This post is by Emily Musil Church, Ph.D.
Much digital ink has been spilled on the cultural impact of technology. People have been, ahem, atwitter about the use of social media in the so-named “Arab spring”. Technology companies now have their eyes on the African continent as the next big market. Young people are key to Africa’s technology revolution. With 70 per cent of the population under 30, the U.N. has called Africa the world’s youngest continent. In order to reach this young population, African governments are developing strategies to not only reach potential voters, but also to train young people to use technology in ways that will boost the economy.
But what does all of this mean for women in Africa?
By almost all accounts, access to information and communication technologies (ICTs) greatly benefits women. Whether they are in urban or rural environments, new technologies offer vast health, educational and economic benefits. Yet women are still vastly underrepresented in ICT initiatives. Most technology programs target male-dominated industries or rely on networks that don’t include many women. Anyone interested in African development and women’s empowerment should work to ensure that the technology gender gap closes.
Despite this imbalance, African women have already been at the forefront of finding ways to develop revolutionary uses of technology. Juliana Rotich is the Executive Director of Ushahidi, an organization she co-founded with other young Kenyan residents during the unrest after the 2008 elections in that country. Ushahidi has now grown into a massively successful global tech company and social activism interactive site. Solidarity for African Women’s Rights (SOAWR) has an effective pan-African coalition that unites thirty-six African organizations from across the continent working for women’s rights and empowerment. The WAAW Foundation (Working to Advance African Women) is an NGO based in Nigeria that recognizes,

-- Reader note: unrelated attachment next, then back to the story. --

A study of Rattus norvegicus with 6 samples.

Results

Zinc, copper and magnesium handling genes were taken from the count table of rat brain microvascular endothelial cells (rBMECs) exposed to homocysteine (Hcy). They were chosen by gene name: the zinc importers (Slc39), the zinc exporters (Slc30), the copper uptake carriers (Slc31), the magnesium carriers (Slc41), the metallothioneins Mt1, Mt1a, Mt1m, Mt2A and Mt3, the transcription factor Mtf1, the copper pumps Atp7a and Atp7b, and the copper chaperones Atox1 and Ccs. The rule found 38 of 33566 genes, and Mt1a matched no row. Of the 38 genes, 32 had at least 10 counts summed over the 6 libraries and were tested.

Female Education and Science and Technology Innovation are the two most crucial components to poverty alleviation and rapid development in Africa.
Rural areas have bigger obstacles in terms of access, but ICTs are poised to make significant improvements to the lives of women in these regions as well. The Women of Uganda Network (WOUGNET) works to promote digital literacy, use ICTs to fight violence against women, and support women’s organizations throughout the country in their development of ICT access. Some organizations are using technology to target key women’s issues with specific campaigns. Ghana’s MoTech gives women updated maternal health information with their “Mobile Midwife” project. Access to mobile phones can supply critical economic information, such as local market prices, health information for livestock, and weather patterns for farmers.
As technology companies gear up for a push into Africa, they shouldn’t miss the tremendous opportunities for women and the continent as a whole that ICTs can offer, and the innovation that women can bring to them.
Further reading: For an in-depth analysis of this topic, I recommend African Women and ICTs, edited by Ineke Buskins and Anne Webb. It’s a collection of seventeen essays written by academics and activists who have done extensive work and research across the continent.
Emily Musil Church is a professor of African history and women’s and gender studies at Lafayette College in Easton, Pennsylvania. She currently lives in Los Angeles, writing a human rights book and working with the UCLA Center for the Study of Women for the 2011-2012 academic year.